Payments of solicitors' fees by the Scottish Legal Aid Board do not attract statutory interest under the Late Payment of Commercial Debts (Interest) Act 1998 if not made within 30 days, the Sheriff Appeal Court has ruled.
Sheriff Principal Mhairi Stephen QC, Sheriff Principal Duncan Murray and Sheriff Principal Craig Turnbull gave the decision in allowing an appeal by the Board in a case brought by Ormistons Law Practice Ltd. The claim concerned interest of £23.59 on a balance of £131.70 found due by the auditor following a taxation, but the case was said to affect "many thousands of legal aid accounts".
However the court noted that the position of solicitors was anomalous when the Board accepted liability to pay interest on counsel's fees, and considered that fairness should lead to solicitors receiving the same benefit – a matter for the Parliament to address.
At first instance the sheriff held that "commercial transaction", in the EU directive on which the Act was based, was wider than a contract; that as the directive was expressed to cover the legal profession and also public authorities, and the pursuers were in business, the relationship between them and the Board in this case could properly be described as a commercial transaction; and that the mischief the directive was intended to address covered the late payment of money owing to the pursuers.
On appeal the Board argued that the sheriff erred in concluding, first, that the schemes for payment of legal advice and assistance, and assistance by way of representation, fell within the directive; and secondly, that if they did, the 1998 Act could be construed in a manner that gave effect to the intention of the directive. The solicitors argued that on a purposive construction there was no violation of the terms of the directive in applying it to the Board's obligations under the Legal Aid (Scotland) Act 1986; and it was fundamental to both the directive and the 1998 Act that there was no requirement that the services were provided to the debtor.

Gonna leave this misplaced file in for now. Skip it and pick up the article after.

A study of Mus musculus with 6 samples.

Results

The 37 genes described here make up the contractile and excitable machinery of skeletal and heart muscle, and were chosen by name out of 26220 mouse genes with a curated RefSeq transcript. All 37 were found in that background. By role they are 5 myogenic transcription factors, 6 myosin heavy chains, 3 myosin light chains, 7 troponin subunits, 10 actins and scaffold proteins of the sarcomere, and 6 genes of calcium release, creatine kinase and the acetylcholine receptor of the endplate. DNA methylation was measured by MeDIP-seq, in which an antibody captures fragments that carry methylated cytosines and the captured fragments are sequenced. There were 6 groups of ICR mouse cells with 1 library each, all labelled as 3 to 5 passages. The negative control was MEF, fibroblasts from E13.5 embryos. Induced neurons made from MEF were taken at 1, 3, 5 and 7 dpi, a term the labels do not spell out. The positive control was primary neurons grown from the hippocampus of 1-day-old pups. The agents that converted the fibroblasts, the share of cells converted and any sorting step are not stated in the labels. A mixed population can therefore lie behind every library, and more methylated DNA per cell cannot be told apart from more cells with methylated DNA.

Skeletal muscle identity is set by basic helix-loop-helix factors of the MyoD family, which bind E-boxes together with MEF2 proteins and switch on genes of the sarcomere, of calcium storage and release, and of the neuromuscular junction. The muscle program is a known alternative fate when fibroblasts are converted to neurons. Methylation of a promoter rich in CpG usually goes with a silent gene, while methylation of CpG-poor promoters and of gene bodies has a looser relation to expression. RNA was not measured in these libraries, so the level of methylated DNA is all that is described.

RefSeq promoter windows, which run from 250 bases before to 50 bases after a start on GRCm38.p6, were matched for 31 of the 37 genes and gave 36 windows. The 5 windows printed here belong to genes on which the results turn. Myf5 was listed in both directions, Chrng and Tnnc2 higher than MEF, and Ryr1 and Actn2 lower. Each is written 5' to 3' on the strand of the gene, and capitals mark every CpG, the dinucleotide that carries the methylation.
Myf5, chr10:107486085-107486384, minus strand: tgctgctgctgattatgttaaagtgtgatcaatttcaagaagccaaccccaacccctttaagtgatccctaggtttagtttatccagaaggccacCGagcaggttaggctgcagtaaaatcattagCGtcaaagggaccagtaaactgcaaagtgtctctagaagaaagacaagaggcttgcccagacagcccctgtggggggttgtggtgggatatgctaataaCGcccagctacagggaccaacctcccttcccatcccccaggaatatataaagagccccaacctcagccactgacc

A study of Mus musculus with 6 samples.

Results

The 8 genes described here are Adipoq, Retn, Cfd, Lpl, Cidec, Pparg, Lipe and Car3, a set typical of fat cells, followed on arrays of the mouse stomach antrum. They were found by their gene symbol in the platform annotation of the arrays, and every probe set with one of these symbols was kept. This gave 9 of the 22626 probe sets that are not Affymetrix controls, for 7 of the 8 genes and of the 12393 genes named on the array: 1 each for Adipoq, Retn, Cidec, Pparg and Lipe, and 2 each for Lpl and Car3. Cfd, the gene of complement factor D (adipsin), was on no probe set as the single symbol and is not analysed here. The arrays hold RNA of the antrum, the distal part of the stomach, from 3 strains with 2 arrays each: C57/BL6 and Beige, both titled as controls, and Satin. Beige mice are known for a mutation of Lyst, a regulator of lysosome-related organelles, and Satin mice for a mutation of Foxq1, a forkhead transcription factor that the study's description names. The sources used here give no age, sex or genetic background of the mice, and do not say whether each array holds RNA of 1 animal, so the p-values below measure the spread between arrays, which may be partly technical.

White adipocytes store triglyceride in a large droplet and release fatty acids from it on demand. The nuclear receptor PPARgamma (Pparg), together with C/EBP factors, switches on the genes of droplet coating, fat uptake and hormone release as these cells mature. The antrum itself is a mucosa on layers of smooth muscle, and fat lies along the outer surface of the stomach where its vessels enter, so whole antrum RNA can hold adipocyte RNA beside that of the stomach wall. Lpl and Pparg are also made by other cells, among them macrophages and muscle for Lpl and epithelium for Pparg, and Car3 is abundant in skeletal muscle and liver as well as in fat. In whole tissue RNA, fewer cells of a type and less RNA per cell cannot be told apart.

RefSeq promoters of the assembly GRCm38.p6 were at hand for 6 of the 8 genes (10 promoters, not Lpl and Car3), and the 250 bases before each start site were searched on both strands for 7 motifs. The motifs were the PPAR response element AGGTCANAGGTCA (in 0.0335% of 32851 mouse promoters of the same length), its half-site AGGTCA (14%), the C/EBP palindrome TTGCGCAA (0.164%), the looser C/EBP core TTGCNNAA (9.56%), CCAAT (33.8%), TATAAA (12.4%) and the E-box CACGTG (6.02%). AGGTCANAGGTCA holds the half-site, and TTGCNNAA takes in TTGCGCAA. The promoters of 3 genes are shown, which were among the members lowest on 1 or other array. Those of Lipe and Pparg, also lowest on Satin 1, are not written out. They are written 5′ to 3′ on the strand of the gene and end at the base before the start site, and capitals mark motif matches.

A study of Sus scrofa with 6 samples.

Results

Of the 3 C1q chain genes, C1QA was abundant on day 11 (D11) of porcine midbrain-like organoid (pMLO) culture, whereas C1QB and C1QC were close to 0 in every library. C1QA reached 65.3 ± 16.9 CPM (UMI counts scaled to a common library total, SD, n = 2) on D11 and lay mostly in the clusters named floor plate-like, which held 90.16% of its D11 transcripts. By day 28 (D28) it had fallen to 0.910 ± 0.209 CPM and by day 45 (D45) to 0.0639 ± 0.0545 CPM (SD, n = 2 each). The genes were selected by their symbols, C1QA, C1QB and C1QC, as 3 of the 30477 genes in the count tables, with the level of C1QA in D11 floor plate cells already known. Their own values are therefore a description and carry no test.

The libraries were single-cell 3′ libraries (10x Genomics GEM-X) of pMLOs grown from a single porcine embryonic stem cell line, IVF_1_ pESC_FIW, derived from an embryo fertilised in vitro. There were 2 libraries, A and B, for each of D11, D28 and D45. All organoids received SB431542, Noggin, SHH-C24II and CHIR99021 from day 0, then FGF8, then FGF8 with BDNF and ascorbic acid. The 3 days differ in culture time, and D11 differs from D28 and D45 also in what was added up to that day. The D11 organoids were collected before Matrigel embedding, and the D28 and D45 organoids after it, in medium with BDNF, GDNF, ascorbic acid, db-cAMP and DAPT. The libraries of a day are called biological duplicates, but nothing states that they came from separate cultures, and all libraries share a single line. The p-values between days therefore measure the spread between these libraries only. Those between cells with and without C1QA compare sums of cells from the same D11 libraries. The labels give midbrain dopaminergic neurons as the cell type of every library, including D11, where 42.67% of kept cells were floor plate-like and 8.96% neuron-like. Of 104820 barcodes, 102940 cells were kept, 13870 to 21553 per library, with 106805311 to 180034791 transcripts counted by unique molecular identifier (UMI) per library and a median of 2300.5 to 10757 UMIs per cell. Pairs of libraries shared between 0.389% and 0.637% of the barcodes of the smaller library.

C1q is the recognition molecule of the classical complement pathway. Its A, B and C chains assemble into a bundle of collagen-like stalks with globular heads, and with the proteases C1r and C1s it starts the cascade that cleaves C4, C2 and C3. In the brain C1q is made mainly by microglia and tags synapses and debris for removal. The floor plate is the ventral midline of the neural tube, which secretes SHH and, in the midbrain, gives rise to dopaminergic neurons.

Sheriff Principal Stephen, delivering the opinion of the court, said it was necessary to look first at the structure and context in which the parties operated. Although "commercial transaction" was a broader concept than a contract, fulfilment by the creditor of contractual and legal obligations was a precondition of entitlement to interest. The directive did not regulate transactions with consumers, and "If, as it appears to be, the scope of the directive is limited to payments made as remuneration for commercial transactions, then it is doubtful whether payments made by a public authority as remuneration for services provided by solicitors to a client as part of a consumer contract fall within its scope. The LAA [Legal Advice and Assistance] scheme is a statutory scheme by which the Board is obliged to make payments from the fund... if called upon to do so by virtue of the solicitor submitting a claim for fees and outlays properly incurred in acting for a client in receipt of LAA."
Dealing with the respondents' argument she continued: "as no goods or services are being provided by the respondent to the Board the relationship between the parties is not in the nature of a commercial transaction as defined and envisaged by the directive... Instead, the relationship is one of regulated indemnity for payment of fees and outlays reasonably and necessarily incurred on behalf of the client... Any services provided are by the solicitor to the client, that being a consumer transaction which is excluded from the directive".
Further, the Board's obligations to the solicitor arose not as a result of a commercial transaction between the parties but in terms of the statutory framework of the 1986 Act and associated regulations. "In our opinion, that framework sits outwith the scope of the directive."
In any event there was a fundamental difficulty for the respondents in interpreting the 1998 Act in a manner which encompassed the statutory legal aid scheme. "To read into ss 1 and 2 a statutory scheme for the provision of legal aid would be to alter the fundamental wording and purpose of the legislation."
It followed that the appeal had to be allowed. "However," Sheriff Principal Stephen observed, "the matter does not end there." Referring to Smith v Scottish Legal Aid Board (2012), she commented: "it appears to us that the application of the directive was not seen as controversial in the context where a public authority is making payment of fees incurred by counsel. It undoubtedly creates an unattractive and surprising anomaly that the Board accepts that they are liable to pay interest on counsel's fees but should not be liable for interest on the fees and outlays paid to solicitors as a result of our analysis in this case...
"Considerations of consistency and, indeed, fairness would lead to the expectation that the solicitor branch of the legal profession should also have the benefit of the directive in respect of remuneration for fees and outlays from the fund overdue for payment. In our view, that is a matter that requires to be addressed by Parliament."